When the tech blogosphere turns into Wall Street investment, M&A geniuses in addition to the usual everything Microsoft does is stupid all we get is noise. When Microsoft announced the $6B aQuantive writedown I skipped pretty much every major website’s coverage since there was less analysis and more Ballmer doesn’t know anything undertone. Now that they’ve all moved on, here’s a couple of things I find intriguing and would love to know more about.
The story behind Microsoft’s advertising business is complicated, it has several pieces to it:
MSN is Microsoft’s digital content juggernaut and the company displayed ads on their MSN properties. These ads came from a company called Overture. As it turns out, Yahoo acquired Overture back in 2003, which means these ads came from Yahoo. In 2004, Microsoft & Yahoo extended the Overture deal till 2006.
During 2005, in a parallel development, Microsoft was working on their own advertisement delivering technology. This was being under the MSN division and known as MSN adcenter.
As a result till 2006, ads on MSN were now coming from Overture (Yahoo) & MSN adcenter. The Overture/Yahoo & Microsoft deal was not renewed in 2006, as a result, starting 2006, ads on MSN came from MSN adcenter. This was the time when Google’s ad business was picking up with the company announcing several new features. Microsoft knew there was a market. In 2007 things got interesting with Google acquiring DoubleClick and Yahoo losing to Google—this meant Microsoft could make a move to become get second position. aQuantive happened.
2 years later, Yahoo search engine results were from Bing but what about the ads? According to Mashable here’s what happened:
- Self-serve ads on both would go through Microsoft Adcenter (at some point, MSN Adcenter became Microsoft Adcenter)
- Both companies would have separate digital display ads and Yahoo would maintain autonomy over their clients
This meant Microsoft was not able to tap into their one time competitor’s clientele in one swoop—not so good for Microsoft Adcenter. We’re in mid-2009. In a parallel universe, Apple’s iPhone is destroying the smartphone market and Google’s Android is just getting started.
The developers were flocking to mobile app advertising and Ads in apps were a popular option, so much so that:
- Google acquired Admob
- Apple introduced iAds in 2010—the same year when Windows Phone 7 came out
Now in a positively surprising move, app devs could use Microsoft Adcenter to display ads in their apps with Microsoft Advertising announcing SDK support—in 2010 itself. This meant, if Windows Phone did succeed for the developers, Microsoft Adcenter/Microsoft Advertising had a shot at competing with Google Admob and iAds.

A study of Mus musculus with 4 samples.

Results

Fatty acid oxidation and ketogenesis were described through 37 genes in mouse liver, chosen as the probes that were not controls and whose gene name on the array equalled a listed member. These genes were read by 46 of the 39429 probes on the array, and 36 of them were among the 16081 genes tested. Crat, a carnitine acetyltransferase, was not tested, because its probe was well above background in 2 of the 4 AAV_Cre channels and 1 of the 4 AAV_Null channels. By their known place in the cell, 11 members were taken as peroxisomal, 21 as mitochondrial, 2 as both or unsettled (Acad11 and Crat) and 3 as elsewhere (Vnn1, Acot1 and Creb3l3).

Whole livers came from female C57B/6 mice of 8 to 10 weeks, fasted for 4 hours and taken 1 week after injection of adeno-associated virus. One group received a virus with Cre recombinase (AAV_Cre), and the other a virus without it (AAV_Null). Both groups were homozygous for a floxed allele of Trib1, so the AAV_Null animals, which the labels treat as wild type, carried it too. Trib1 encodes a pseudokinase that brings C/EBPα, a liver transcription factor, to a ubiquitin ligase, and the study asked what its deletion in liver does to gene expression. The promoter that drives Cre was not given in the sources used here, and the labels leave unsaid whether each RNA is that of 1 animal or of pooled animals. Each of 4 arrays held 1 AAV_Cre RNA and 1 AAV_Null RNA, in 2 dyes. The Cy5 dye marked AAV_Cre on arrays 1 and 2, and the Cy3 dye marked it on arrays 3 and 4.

In mid-2011 Google Admobs brought an ad SDK for Windows Phone and in Dec 2011, Forbes called iAds a failure. Which meant:
- Google saw an ad market & probably even Windows Phone devs wanted Admob support—either case Microsoft Advertising had a market
- Apple failed at something
Come 2012. Microsoft has announced a tablet OS—Windows RT, and Windows Phone 8 will share code with Windows 8. Microsoft is serious about tablets and phones which means they need developers and believe developers will build tablet and mobile phone apps, this means there will be ads displayed in these mobile (tab+phone) apps—the end result, Microsoft Advertising has a potential market bigger than what they had just with Windows Phone.
But Microsoft has taken a writedown on their aQuantive acquisition. Guardian tech editor Charles Arthur says:
— Charles Arthur (@charlesarthur) July 6, 2012
In all this, the one thing that didn’t help Microsoft Adcenter was advertisements embedded by bloggers & websites, Google Adsense won this battle not just taking marketshare but even mindshare.
- Yahoo To Buy Overture
- Microsoft Enters Search Advertising Mix With MSN Keywords
- MSN adCenter Joins Yahoo and Google in Search Advertising
- MSN To Launch Its Own Paid Listings Program
So here’s what I’m unclear about when it comes to the deal and writedown:
Now, Admob was “nearing” $100 Million in 3 years and Microsoft believes they can’t reach that number with Windows 8 & Windows Phone 8 is very intriguing to me. Do they believe their advertising product sucks and hence devs won’t use it or do they’re uncertain about getting a lot of devs?
Or is this just a financial decision dumping all the losses the online division has been making so that starting from the next quarters Microsoft can show some profits due to advertising that will increase with Windows 8 & Windows Phone 8?
Microsoft Advertising has been quite active. The division has announced a few new products recently in addition to the several advertising patents that I keep coming across—it doesn’t look like Microsoft is planning to shut the division down. So if Microsoft isn’t exiting the business and as Charles Arthur says Microsoft doesn’t see a profit more than $100 Million, what does the writedown mean? Is it a tax thing as Simon Bisson suggests?
Or is Microsoft going to exit the advertising business? That takes me back to my question regarding Windows 8/WP8’s success.
Obviously there’s more to this story than slamming Steve Ballmer and calling it a failure.
PS: Microsoft ADvertising GM recently quit the company. This makes me wonder if he felt Microsoft Advertising isn’t all that exciting looking forward.